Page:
Main Content

“2020health is an important and thoughtful contributor to the health debate”

Dr Sarah Wollaston MP, Chairman, Health Select Committee

 
 

The Telegraph NHS spends £12 million making new recruits redundant

  • 19.09.2014
  • Laura Donnelly, Health Correspondent

NHS accused of 'scandalous waste' after new body spends £12 million on redundancy packages for 300 officials.

An NHS body which was set up to “streamline bureaucracy” has spent £12 million on redundancy packages for hundreds of staff who were only hired in the last two years.

More than 300 officials employed by NHS England have received payments of up to £280,000 after the new body axed staff who had only been recently been recruited.

Last night critics accused health officials of presiding over “scandalous waste,” creating a “merry-go-round” among NHS managers, with some receiving generous redundancy deals, only to be rehired.

It comes as the head of the health service prepares to announce hundreds more redundancies, with millions more set to be spent on “exit packages” by an organisation which only launched last year.

The body, which was set up under a Coalition pledge to reduce spending on NHS bureaucracy, has previously been criticised for taking on 6,000 employees, including 280 on six-figure salaries.

Now official accounts disclose that the organisation spent £11.37 million on exit packages for 312 staff during 2013/14 - including 20 employees who received at least £100,000 each.

Nine of the employees received a package of at least £150,000, with one payment of £280,000, even though the organisation was only officially launched last year.

NHS England said some of the sums – including the highest payment - were “legacy payments” paid to staff who had worked at bodies abolished in the 2012 restructuring.

In other cases, payments went to those who were recruited to help the new system “settle down”, a spokesman said.

Katherine Murphy, chief executive of the Patients Association, said the charity was appalled by the use of taxpayers’ money.

She said: “Many of these managers in high-salaried posts will have already had a significant pay-out from the NHS, whether their impact was positive or negative.

“This money would have been better invested in front-line staff and in improving patient care. We must remember that the NHS is paid for by the tax-payer, and it belongs to patients and the public.”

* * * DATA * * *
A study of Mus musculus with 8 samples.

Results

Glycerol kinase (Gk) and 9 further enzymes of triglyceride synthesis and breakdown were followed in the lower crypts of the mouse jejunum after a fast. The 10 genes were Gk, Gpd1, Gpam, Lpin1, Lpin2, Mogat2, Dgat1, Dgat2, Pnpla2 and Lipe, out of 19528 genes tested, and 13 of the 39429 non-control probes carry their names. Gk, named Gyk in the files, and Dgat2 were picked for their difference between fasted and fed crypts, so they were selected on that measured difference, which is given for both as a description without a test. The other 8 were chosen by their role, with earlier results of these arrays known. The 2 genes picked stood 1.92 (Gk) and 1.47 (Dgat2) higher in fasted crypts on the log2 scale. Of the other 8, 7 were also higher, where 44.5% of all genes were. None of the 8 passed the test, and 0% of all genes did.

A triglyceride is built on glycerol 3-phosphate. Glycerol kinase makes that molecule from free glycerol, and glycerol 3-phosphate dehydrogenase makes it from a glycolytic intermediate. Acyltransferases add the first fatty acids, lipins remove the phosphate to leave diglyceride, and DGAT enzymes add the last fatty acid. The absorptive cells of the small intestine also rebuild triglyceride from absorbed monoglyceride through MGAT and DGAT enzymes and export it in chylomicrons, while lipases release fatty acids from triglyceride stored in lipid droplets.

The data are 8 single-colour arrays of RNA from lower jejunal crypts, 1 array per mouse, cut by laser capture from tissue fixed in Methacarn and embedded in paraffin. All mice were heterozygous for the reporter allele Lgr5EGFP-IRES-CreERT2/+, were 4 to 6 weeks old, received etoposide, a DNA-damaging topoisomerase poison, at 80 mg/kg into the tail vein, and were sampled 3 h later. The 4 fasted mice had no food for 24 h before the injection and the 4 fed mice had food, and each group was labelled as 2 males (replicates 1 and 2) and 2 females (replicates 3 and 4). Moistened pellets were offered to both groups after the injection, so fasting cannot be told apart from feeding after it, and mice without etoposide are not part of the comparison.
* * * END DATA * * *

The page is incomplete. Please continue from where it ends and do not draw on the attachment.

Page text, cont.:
NHS England was set up as part of a controversial 2012 restructuring of the health service, which saw 38,000 NHS employees receive redundancy packages - of whom 4,000 were later rehired. They included a married couple who received £1m in redundancy payments – only to be taken on elsewhere in the NHS.

Earlier this year, a new chief executive, Simon Stevens was appointed to lead NHS England, replacing Sir David Nicholson, who retired after being criticised for his part in the Mid-Staffs scandal.

Mr Stevens, who took a pay cut on taking the role, has vowed to reduce the body's running costs by 15 per cent - which is expected to mean hundreds more redundancies.

Consultation on the next round of job cuts will start next month.

Last night Julia Manning, chief executive of think tank 2020Health, said the NHS was now spending millions of pounds it could ill-afford, because the new organisation had been set up so badly.

She said: “All this scandalous waste of millions on redundancy, recruitment and now redundancy again stems from the coalition government panicking and keeping the last NHS chief executive in place instead of appointing someone to NHS England from the start with a long-term vision.”


Andy Burnham, Shadow Health Secretary said: "The scale of this Government's mismanagement of the NHS gets more staggering by the day.

"This is the NHS re-organisation that never ends. It is a colossal waste on bureaucracy when all of the money should have been spent on patient care."

Mr Stevens, who took a voluntary £20,000 pay cut when he became NHS chief executive in April has pledged to clamp down on the organisation’s spending.

In May he ordered a ban on first-class travel after expenses claims revealed that nine of the most senior health officials spent almost £200,000 last year on fine dining, taxi fares and hotels at up to £500 a night.

A spokesman for NHS England said: "These are redundancy payments relating to the creation of the current NHS system after the 2012 Health and Social Care Act.

“Some of the cost is made up of legacy payments, relating to former staff of primary care trusts and strategic health authorities Others relate to organisational restructure after April 1 as the new system settled down. For example, two thirds of the redundancies relate to commissioning support units (CSUs) seeking to cut running costs, and there were also three CSU mergers and one closure during the year,” he said.